The Snowbirds return to Nova Scotia for one summer show
The Canadian Forces Snowbirds perform over British Columbia, in April 2015. Image: Snowbirds TankCam FA03-2015-0001-12 Les avions Snowbirds des Forces canadiennes effectuent des manÏuvres au-dessus de la Colombie-Britannique en avril 2015. Image: Snowbirds TankCam
By Raissa Tetanish 21 May 2019 Share this story
The Snowbirds return to Nova Scotian in June with a special performance in Debert.
Colin Stephenson, the executive director of Air Show Atlantic, said the Air Force’s flight-demonstration team will stop at the Debert Airport for a one-time performance on June 19, produced by the Nova Scotia International Air Show Association.
“Normally, Air Show Atlantic needs about …10,000 feet of runway, and 5,000 is the minimum distance the Snowbirds can operate on, so we hadn’t really considered the Debert area but for a small show,” said Stephenson. “Now, the Snowbirds are in Toronto for Labour Day weekend, and it’s the first time in 40 years we won’t have the Snowbirds in Greenwood. But they’re transitioning between New York and Quebec in June, and can stop here on a Wednesday.”
The show in Debert is the Snowbirds’ only Atlantic Canadian show in 2019.
Stephenson added the production’s partners (Truro Flying Club and Colchester County) are “so enthusiastic about this show.”
The gates will open at the Debert Airport at 2 p.m. on June 19 and feature displays from the Royal Canadian Air Force, Canadian Army, Canadian Air Cadet League, and the gliding school.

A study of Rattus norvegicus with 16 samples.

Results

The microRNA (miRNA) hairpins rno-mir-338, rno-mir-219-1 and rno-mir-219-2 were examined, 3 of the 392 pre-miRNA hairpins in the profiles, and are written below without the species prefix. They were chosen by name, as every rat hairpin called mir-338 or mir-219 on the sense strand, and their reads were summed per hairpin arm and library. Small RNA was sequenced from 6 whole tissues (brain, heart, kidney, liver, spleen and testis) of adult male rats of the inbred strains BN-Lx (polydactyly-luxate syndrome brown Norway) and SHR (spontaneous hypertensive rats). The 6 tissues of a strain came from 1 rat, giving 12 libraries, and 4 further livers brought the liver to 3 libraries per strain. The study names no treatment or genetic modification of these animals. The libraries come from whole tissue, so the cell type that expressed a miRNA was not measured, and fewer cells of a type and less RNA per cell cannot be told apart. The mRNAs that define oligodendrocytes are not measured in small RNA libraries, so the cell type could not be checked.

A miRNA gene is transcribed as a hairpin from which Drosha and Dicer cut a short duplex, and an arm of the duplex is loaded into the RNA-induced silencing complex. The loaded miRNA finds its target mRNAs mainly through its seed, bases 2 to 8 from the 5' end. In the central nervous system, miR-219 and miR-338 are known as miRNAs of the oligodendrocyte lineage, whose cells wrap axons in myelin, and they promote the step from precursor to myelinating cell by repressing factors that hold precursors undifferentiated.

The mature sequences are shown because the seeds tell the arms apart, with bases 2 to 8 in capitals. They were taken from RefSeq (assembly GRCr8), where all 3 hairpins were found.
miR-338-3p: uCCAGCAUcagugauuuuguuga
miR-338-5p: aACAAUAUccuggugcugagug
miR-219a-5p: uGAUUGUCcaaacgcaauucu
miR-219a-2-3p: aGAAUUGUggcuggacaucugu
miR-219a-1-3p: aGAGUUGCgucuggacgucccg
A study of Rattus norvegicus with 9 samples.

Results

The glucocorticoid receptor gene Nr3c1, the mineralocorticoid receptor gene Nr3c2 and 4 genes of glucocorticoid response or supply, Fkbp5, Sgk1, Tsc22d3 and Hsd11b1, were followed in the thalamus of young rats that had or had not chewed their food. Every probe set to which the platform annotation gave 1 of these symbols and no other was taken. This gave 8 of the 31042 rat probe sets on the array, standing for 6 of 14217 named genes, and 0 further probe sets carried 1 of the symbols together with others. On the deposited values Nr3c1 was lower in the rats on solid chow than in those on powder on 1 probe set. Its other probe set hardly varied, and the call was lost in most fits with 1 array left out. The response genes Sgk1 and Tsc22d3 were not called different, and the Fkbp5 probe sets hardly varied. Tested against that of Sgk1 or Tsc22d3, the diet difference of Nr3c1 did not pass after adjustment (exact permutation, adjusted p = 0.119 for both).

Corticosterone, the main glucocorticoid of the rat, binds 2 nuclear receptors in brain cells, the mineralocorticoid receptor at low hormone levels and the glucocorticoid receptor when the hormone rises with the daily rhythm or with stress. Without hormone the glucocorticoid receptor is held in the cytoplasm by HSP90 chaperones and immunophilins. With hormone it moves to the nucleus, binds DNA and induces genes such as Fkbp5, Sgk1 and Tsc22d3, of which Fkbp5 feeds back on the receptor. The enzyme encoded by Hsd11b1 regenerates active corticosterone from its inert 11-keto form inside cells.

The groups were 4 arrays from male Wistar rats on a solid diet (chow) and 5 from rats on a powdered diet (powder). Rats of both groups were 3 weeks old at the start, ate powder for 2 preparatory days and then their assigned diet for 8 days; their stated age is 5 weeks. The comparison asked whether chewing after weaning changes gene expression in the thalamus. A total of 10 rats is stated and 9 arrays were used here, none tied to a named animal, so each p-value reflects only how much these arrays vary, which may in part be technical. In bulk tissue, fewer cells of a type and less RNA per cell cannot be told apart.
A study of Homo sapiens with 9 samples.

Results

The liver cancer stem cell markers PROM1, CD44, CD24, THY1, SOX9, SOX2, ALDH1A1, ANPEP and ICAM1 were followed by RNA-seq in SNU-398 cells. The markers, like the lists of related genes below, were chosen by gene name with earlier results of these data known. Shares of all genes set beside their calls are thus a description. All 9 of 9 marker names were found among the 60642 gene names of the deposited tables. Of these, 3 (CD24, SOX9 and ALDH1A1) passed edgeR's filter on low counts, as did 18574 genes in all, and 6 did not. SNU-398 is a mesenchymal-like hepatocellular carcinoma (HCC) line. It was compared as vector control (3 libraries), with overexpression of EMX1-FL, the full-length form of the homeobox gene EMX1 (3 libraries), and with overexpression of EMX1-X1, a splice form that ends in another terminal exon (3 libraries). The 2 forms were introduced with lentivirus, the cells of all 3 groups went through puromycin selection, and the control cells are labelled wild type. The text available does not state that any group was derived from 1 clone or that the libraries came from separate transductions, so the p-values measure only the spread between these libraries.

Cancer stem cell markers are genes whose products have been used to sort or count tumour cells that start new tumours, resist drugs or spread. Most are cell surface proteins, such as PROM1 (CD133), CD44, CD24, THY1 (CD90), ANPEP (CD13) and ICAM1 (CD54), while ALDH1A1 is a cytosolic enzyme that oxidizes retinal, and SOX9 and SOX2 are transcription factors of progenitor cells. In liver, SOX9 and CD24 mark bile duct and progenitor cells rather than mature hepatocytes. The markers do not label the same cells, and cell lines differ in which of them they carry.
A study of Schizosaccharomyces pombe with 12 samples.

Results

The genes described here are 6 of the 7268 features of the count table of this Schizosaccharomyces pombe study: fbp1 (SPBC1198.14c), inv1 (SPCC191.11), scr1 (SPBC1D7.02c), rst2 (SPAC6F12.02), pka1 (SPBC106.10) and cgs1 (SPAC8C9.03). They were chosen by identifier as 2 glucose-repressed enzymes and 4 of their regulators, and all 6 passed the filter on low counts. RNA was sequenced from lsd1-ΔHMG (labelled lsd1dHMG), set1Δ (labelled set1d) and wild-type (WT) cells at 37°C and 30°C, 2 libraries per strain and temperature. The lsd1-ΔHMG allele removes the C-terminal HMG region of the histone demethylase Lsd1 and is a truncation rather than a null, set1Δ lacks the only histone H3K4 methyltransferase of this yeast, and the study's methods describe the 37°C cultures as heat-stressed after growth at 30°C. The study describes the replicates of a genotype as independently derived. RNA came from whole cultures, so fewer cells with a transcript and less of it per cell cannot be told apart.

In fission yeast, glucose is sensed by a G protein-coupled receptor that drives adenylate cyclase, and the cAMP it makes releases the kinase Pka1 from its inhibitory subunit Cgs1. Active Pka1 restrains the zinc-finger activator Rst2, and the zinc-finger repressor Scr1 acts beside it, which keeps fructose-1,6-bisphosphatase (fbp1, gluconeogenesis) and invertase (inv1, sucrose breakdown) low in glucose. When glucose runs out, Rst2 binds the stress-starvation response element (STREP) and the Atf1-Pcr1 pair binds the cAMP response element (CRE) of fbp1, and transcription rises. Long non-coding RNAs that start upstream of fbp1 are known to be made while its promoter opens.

“People will be able to get up close to the air craft and interact with the crews,” said Stephenson, adding the province’s new Cyclone helicopter will be in attendance, plus a tactical armoured vehicle.
“It will be very interactive.”
After supper, that’s when the flying starts, with the Debert Gliding School confirmed for a demonstration. Following the demonstrations, that’s when the Snowbirds will take to the sky.
“They will do a walk-out and the crews will be introduced to the crowd,” said Stephenson. “The audience will learn some facts about the airplanes, and the airplanes will get to land in front of the crowd.”
Stephenson said the performance is on one of the longest days the year, so there will be plenty of daylight for the displays and performances.
Following the Snowbirds’ performance, Stephenson said the 11 pilots and crews have agreed to stay after for some autographs and meet with the fans.
Because the Snowbirds are transitioning between performances, Stephenson said there is no rain date planned.
“As long as the ceiling is high enough, we can do a full show. It’s when it’s really raining we have to worry,” he said.
For event details, see the Air Show Atlantic page on Facebook.
This story was originally published in Halifax Magazine.